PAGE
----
Walz seeks vaccine mandate for school staff, masking in schools. Here's why it's a long shot

Minnesota Gov. Tim Walz called on state lawmakers to create a vaccine mandate for school staff and nursing home workers while requiring masks in schools, though the Democratic governor acknowledged the ideas will go nowhere with legislative Republicans.

Walz made the requests in a letter to legislative leaders after a Tuesday afternoon meeting with four top lawmakers in his state Capitol office, the first such meeting in weeks. At issue was a potential fall special session to approve COVID-19 pandemic bonus pay for frontline workers, farm drought relief, and pandemic response efforts.

"I recognize there's a slim chance they will do those things," Walz said of potential vaccine and masking requirements. "It has become a litmus test for purity for Republican legislators."

The first-term governor said he made the request to lawmakers because he lacks the legal power to impose a vaccine or testing requirement on teachers, school staff and long-term care workers by executive order. He said the request was not an ultimatum and said he had no plans to call a new state of emergency over the pandemic. Walz held emergency powers for 15 months until the Legislature ended the authority in June.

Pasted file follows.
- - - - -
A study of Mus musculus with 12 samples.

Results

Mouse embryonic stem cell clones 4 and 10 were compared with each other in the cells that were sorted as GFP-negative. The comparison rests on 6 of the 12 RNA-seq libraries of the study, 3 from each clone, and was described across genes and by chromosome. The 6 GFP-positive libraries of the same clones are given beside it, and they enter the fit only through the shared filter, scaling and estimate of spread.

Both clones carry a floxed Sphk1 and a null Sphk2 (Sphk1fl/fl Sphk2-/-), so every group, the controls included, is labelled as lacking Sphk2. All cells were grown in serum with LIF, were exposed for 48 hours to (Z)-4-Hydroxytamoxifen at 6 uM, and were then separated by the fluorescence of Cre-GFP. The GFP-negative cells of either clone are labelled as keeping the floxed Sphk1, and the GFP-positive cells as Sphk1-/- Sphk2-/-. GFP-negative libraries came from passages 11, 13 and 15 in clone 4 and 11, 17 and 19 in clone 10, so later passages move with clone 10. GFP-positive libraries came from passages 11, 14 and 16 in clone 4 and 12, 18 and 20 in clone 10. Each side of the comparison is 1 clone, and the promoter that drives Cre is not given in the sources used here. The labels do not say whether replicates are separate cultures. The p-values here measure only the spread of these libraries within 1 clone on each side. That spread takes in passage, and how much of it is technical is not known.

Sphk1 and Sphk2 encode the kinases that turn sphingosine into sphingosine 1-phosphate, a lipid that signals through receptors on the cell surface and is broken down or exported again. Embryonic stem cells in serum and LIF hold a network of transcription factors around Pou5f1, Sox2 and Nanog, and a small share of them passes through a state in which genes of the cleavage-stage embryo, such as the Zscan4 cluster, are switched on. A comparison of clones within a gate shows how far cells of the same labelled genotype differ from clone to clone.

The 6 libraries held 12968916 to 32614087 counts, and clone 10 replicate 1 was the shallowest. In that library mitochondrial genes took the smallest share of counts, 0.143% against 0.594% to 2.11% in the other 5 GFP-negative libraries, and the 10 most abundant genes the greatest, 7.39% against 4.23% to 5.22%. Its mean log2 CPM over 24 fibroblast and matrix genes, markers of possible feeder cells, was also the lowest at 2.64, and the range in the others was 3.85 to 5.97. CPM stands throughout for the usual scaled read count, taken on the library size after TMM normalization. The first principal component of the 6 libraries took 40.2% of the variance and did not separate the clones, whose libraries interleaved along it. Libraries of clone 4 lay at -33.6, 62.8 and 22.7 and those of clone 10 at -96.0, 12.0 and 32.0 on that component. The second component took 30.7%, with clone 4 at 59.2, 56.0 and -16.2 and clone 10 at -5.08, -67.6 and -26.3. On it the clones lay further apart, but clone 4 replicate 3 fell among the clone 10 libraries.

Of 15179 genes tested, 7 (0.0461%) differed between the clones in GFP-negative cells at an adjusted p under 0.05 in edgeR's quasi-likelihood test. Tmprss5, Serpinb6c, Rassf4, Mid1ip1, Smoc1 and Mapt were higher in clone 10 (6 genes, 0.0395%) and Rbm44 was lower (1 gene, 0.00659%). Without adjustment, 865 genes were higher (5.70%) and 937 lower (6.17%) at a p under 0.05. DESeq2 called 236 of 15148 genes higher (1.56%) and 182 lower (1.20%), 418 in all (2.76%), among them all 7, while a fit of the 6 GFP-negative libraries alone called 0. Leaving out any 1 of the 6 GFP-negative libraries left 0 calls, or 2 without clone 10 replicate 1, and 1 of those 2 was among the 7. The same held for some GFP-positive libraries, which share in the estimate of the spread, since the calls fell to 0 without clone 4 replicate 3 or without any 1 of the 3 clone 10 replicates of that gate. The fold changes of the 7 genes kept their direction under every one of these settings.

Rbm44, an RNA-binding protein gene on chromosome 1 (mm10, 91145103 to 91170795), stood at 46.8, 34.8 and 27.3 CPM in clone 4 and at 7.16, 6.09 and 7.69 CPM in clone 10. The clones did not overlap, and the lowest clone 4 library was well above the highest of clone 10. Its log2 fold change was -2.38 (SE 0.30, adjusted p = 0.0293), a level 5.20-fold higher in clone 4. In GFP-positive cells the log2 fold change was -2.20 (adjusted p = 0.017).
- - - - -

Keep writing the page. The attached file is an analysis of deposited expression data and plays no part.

Walz has the authority to call lawmakers back for a special session. But several unrelated issues are keeping him from doing so.

First, the divided Legislature has been unable to settle on a plan to distribute $250 million in bonus pay to frontline workers. There's no deal on which workers to include -- or how big the checks should be.

Health Commissioner Jan Malcolm's job status is also uncertain. Republicans control the Senate, which has confirmation power over Walz's commissioners, and have not guaranteed the governor that Malcolm is safe. Walz has made the issue a condition of calling a special session. The two received their flu shots at a community clinic in St. Paul before talking with reporters.

Walz added the vaccine and masking policies into the mix Tuesday. He is also calling on lawmakers to make a series of technical changes aimed at improving health care systems' response to the virus. As of this week, 847 Minnesotans are hospitalized with COVID-19, the most since late 2020.

Senate Majority Leader Jeremy Miller, the top Republican lawmaker in Tuesday's negotiations, did not appear receptive of Walz's new requests.

"I’m confident we can reach an agreement on the bonus pay for frontline workers," Miller, R-Winona, said in an email. "The growing list of requests from Gov. Walz is not productive towards ensuring these dedicated workers receive their bonus pay in a timely manner."

House Speaker Melissa Hortman said her DFL caucus wants to address frontline worker pay, drought relief and assisting health care providers. She was critical of Senate Republicans for not keeping Malcolm on the hot seat.

"The simple question for Republicans is whether they're willing to set aside partisan politics for a concise special session that takes care of these matters," said Hortman, DFL-Brooklyn Park.

Walz said he told Republicans during Tuesday's meeting that Malcolm had his "unwavering support." He said he sought a timeline from lawmakers for reaching deals, but the parties did not reach an agreement.